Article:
By Alan Scherstuhl
By Mark Holcombe
By Scott Foundas
By Nick Pinkerton
By Michael Atkinson
By Scott Foundas
By Keith Phipps
By Alan Scherstuhl
Seeing the film again after nearly 30 years, I was struck, too, by the unity that Kubrick's vision brings to the story's four movements, which, tonally speaking, are quite disparate. The initial "Dawn of Man" sequence, a peek at humanity's ape ancestors four million years ago, plays like the subtlest parody of a National Geographic special; the lunar mission of Dr. Heywood Floyd (William Sylvester) coolly balances wonder at 21st-century space flight with a satiric take on the routine banalities of the human future; the unfolding battle of wills between astronaut David Bowman (Keir Dullea) and the HAL-9000 computer, as they hurtle toward Jupiter on a mission to discover the source of mysterious radio signals, injects a passage of torturously intimate, almost marital drama (cf. Kubrick's The Shining and Eyes Wide Shut); and, finally, the interstellar light show and eerie transformation of Bowman into an old man, and then (apparently) into a newborn "Star Child," pushes conventional screen narrative to its "experimental"/apophatic breaking point, giving expressive form to the all-but-inexpressible.
But what does all of this mean? At the age of 17, I was too dazzled by the myriad possibilities of the film to do anything other than endorse Kubrick's unarguable assertion that every viewer can supply his or her own interpretation. Now, I'm more inclined to share a few of the thoughts that decades of musing on 2001 have left me with.
First, a bit of perspective that, surprisingly, was seldom a part of the original discussions of the film: Whatever else transpires in human history, the 20th Century will remain known as the point at which humankind attained the technological ability to both/either destroy the planet and/or leap beyond it. Future generations may well wonder that this development didn't give every artist the thematic focus of Stanley Kubrick, who brilliantly treated the suicidal and transcendent possibilities of the age in a pair of related masterpieces, Dr. Strangelove or: How I Learned to Stop Worrying and Love the Bomb (1964) and 2001: A Space Odyssey.
Second: Only the most banally literal minds will see 2001 as a set of predictions that didn't turn out to be accurate. The film's third act is a cautionary fable that points directly to the heart of this new century, warning that humanity will have to battle its most extraordinary creations--intelligent machines--over its own survival. (Check back in 2101 to see if that prediction isn't dead-on.)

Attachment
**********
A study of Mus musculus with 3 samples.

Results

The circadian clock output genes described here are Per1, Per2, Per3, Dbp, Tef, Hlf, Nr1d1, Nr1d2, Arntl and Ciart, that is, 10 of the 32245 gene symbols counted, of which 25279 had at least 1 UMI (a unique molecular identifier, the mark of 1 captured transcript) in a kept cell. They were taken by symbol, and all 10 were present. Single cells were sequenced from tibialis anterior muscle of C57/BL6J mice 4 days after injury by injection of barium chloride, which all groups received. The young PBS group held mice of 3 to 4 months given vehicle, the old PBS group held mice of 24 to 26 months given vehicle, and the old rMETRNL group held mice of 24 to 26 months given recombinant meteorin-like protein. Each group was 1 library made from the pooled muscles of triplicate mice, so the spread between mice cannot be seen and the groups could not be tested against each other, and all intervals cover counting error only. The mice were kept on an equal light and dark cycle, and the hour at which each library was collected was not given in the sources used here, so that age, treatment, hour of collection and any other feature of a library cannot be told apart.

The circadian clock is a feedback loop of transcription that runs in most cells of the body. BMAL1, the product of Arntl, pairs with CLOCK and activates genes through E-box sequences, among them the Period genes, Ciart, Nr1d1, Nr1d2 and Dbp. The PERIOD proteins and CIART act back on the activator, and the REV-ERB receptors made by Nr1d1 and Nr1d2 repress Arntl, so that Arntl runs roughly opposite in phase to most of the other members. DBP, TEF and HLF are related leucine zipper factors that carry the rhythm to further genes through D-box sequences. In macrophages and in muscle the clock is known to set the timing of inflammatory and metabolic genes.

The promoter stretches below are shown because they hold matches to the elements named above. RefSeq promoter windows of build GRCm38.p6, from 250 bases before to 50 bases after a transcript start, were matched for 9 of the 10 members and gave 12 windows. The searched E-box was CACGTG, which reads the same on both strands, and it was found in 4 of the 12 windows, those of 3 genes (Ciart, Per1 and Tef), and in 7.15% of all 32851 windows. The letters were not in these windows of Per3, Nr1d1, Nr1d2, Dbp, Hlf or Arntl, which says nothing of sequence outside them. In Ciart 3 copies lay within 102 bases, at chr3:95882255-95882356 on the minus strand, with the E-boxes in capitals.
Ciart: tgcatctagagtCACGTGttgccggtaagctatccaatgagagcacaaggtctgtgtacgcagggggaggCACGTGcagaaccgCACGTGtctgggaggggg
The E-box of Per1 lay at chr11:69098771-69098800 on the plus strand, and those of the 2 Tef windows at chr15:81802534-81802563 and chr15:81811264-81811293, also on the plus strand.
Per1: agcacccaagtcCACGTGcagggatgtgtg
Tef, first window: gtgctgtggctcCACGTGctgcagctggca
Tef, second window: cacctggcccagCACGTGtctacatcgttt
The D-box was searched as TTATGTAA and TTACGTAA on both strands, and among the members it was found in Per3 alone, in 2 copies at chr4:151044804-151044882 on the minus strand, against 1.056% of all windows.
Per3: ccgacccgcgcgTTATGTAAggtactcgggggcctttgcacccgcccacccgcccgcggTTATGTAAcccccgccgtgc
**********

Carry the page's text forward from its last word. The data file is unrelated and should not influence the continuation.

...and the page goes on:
Third: 2001--which of course owes much to the science fiction of Arthur C. Clarke, who co-wrote the screenplay with Kubrick--implicitly identifies humanity's current crisis as a function of the split between scientific and religious modes of thought. More startling still, it proposes to bridge that chasm. In effect, it starts out endorsing the Darwinian view that humans evolved from lower life forms, but then proposes that the capacity that separated humanoid apes from other animals--the tool-making smarts of homo faber--came from Above, from intelligent extraterrestrials who return at the onset of the space age to usher humanity toward the next phase of evolution: transformation from earthbound beings into an interstellar life form.
Though this view of the human trajectory may be called "science fiction," from another angle it ventures a reconciliation that philosophy has searched for at least since the golden age of Islam. (A sidelight: Islam wasn't much on Western filmgoers' minds in 1968, which presumably is why no one noted the black monolith's kinship to the Kaaba.) In this sense, the scientific/rationalistic side of the equation descends from Aristotle, and the religious/mystical side primarily from Plato.
In 1968, one reviewer found that Kubrick's vision didn't equal "Rossellini's radiant religious films or Bresson's meditative asceticism." No doubt that has a lot to do with the fact that Rossellini's and Bresson's films are relatively conventional, both in being rooted in orthodox Christian thought and in telling stories in a more or less straightforward manner. 2001's metaphysic, in contrast, is most accurately described as Neo-Platonic, from its vision of "beings of light" descending from a higher order of existence to its sense of humanity "ascending" toward its true, macrocosmic Home.
More unconventional and daring still, the film's form amplifies its philosophic thrust, the final act's resort to pure light and symbol being proffered as a "higher" form of understanding than the earlier sequences' more rational (indeed, Aristotelean) dramatic approaches. To be sure, this climactic cognitive/formal leap on Kubrick's part is extraordinarily audacious, as the carping puzzlement of many earthbound viewers attests.
But really--who doesn't "get" the image of the Star Child? Like all great mystical art, it is at once ineffable and undeniable, sublime and utterly simple. Beyond offering a vision of the human race saved from (literally) its own devices, the image promises the imaginative rebirth/evolution of anyone who takes 2001's dare and leaps beyond the ordinary limits of his or her own understanding.